The upcoming museum at Keeladi would house various artefacts with Tamil-Brahmi scripts and graffiti engraved on them similar to that of Indus Valley script. These artefacts were unearthed during the many seasons of excavations.
The sixth block is designated for showcasing artefacts that fall under the lifestyle category. The first floor has been earmarked for the artefacts that justify the high level of literacy prevailing during the Sangam age, said R. Sivanantham, Commissioner (in-charge), State Archaeology Department.
They include the many path-breaking findings such as potsherds inscribed with graffiti – which is a preliminary writing expression of the Iron Age people, undeciphered signs similar to that of the Indus Valley script as well as names in ‘Tamili.’
“For the naked eye, it may be a mere scratch mark but it holds much more value”, say archaeologists.
According to the State Department of Archaeology’s (SDA) publication in 2019, Keeladi: An Urban Settlement of Sangam Age on the Banks of River Vaigai, ‘Tamili’ – the Tamil-Brahmi script – was dated to the 5th century BCE before the Keeladi findings pushed it back to another century – 6th century BCE.
The report includes a comparison of five Keeladi graffiti and Indus signs that are quite similar. Graffiti marks were prevalent between Indus script and Brahmi script. Mr Sivanantham noted that over 1,500 and 60 artefacts with graffiti and Tamili inscriptions respectively have been unearthed so far in Keeladi excavation clusters.
The graffiti on pots, earthenware, urns, bone tools, iron weapons, and in caves and rocks near the excavation sites are crucial findings which induces debate of the date of Tamil-Brahmi.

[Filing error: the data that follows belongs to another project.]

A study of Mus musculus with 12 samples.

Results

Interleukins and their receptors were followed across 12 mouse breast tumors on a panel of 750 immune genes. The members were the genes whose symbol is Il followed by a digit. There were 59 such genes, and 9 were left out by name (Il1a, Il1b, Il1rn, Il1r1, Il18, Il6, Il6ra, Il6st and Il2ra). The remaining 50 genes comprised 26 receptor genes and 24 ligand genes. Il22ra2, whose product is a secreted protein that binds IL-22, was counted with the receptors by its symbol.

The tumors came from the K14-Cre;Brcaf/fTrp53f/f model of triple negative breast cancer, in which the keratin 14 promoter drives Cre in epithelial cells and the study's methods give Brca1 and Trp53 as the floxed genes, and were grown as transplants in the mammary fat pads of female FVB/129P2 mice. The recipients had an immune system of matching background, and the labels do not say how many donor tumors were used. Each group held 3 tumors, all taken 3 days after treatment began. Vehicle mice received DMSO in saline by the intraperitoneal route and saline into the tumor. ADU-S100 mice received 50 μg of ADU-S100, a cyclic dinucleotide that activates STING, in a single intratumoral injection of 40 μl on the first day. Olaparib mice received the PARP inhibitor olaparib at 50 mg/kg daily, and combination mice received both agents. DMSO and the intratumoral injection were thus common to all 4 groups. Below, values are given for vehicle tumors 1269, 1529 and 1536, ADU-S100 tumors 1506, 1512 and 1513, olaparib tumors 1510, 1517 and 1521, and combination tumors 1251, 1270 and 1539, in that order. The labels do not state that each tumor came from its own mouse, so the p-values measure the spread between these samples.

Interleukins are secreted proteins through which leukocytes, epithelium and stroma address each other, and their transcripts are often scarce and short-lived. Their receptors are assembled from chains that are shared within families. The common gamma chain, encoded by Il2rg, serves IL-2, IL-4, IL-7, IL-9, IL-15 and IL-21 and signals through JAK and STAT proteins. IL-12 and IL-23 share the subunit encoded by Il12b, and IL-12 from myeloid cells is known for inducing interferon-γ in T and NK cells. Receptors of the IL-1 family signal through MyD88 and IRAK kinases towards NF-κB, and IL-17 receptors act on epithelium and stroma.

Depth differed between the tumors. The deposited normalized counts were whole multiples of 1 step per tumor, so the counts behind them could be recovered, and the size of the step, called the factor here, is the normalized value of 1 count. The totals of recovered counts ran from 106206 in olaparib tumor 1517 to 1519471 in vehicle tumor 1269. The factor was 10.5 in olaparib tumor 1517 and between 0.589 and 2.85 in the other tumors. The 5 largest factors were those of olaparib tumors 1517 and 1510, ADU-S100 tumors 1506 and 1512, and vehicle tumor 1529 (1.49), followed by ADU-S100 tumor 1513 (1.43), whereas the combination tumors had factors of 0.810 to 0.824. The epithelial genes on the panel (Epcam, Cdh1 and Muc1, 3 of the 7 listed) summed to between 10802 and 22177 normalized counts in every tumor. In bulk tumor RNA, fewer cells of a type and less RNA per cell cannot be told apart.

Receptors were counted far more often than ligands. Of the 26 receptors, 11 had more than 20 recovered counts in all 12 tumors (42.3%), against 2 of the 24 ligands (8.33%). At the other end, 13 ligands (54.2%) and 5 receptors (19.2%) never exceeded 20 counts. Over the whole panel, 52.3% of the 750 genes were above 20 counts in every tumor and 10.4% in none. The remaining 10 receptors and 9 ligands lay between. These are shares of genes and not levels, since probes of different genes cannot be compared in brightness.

Many graffitis may be indicative of the urns belonging to the same family, say archaeologists. The fish symbol which was both an art and as a ‘sign representing a clan, has been unearthed as well. Many post-firing graffiti sherds were unearthed as well which indicate they were engraved by the owners or individuals after purchasing the pots, since they differ largely.
Common Sangam era names such as Aadhan, Eyyan, Udhiran, Thisan, Sathan, Senthanavathi on potsherds have been unearthed. A six-lettered Tamili word that reads as kuviraṉ-āta etched on the shoulder portion of a broken black-and-red ware could be a name of a person with an ṉ at the end. A surprise find of a Prakrit name gives way to explore the possible existence of trade links between Keeladi and Sri Lanka as well.
According to the SDA report, “One of the sherds carries the vowel ‘o’ at the beginning of the name which is rarely found in both cave and pottery inscriptions.”
Mr Sivanandam said that a methodical study or research by a Chennai-based research library in alliance with SDA is underway to establish a link between Tamil Brahmi script and Indus valley script.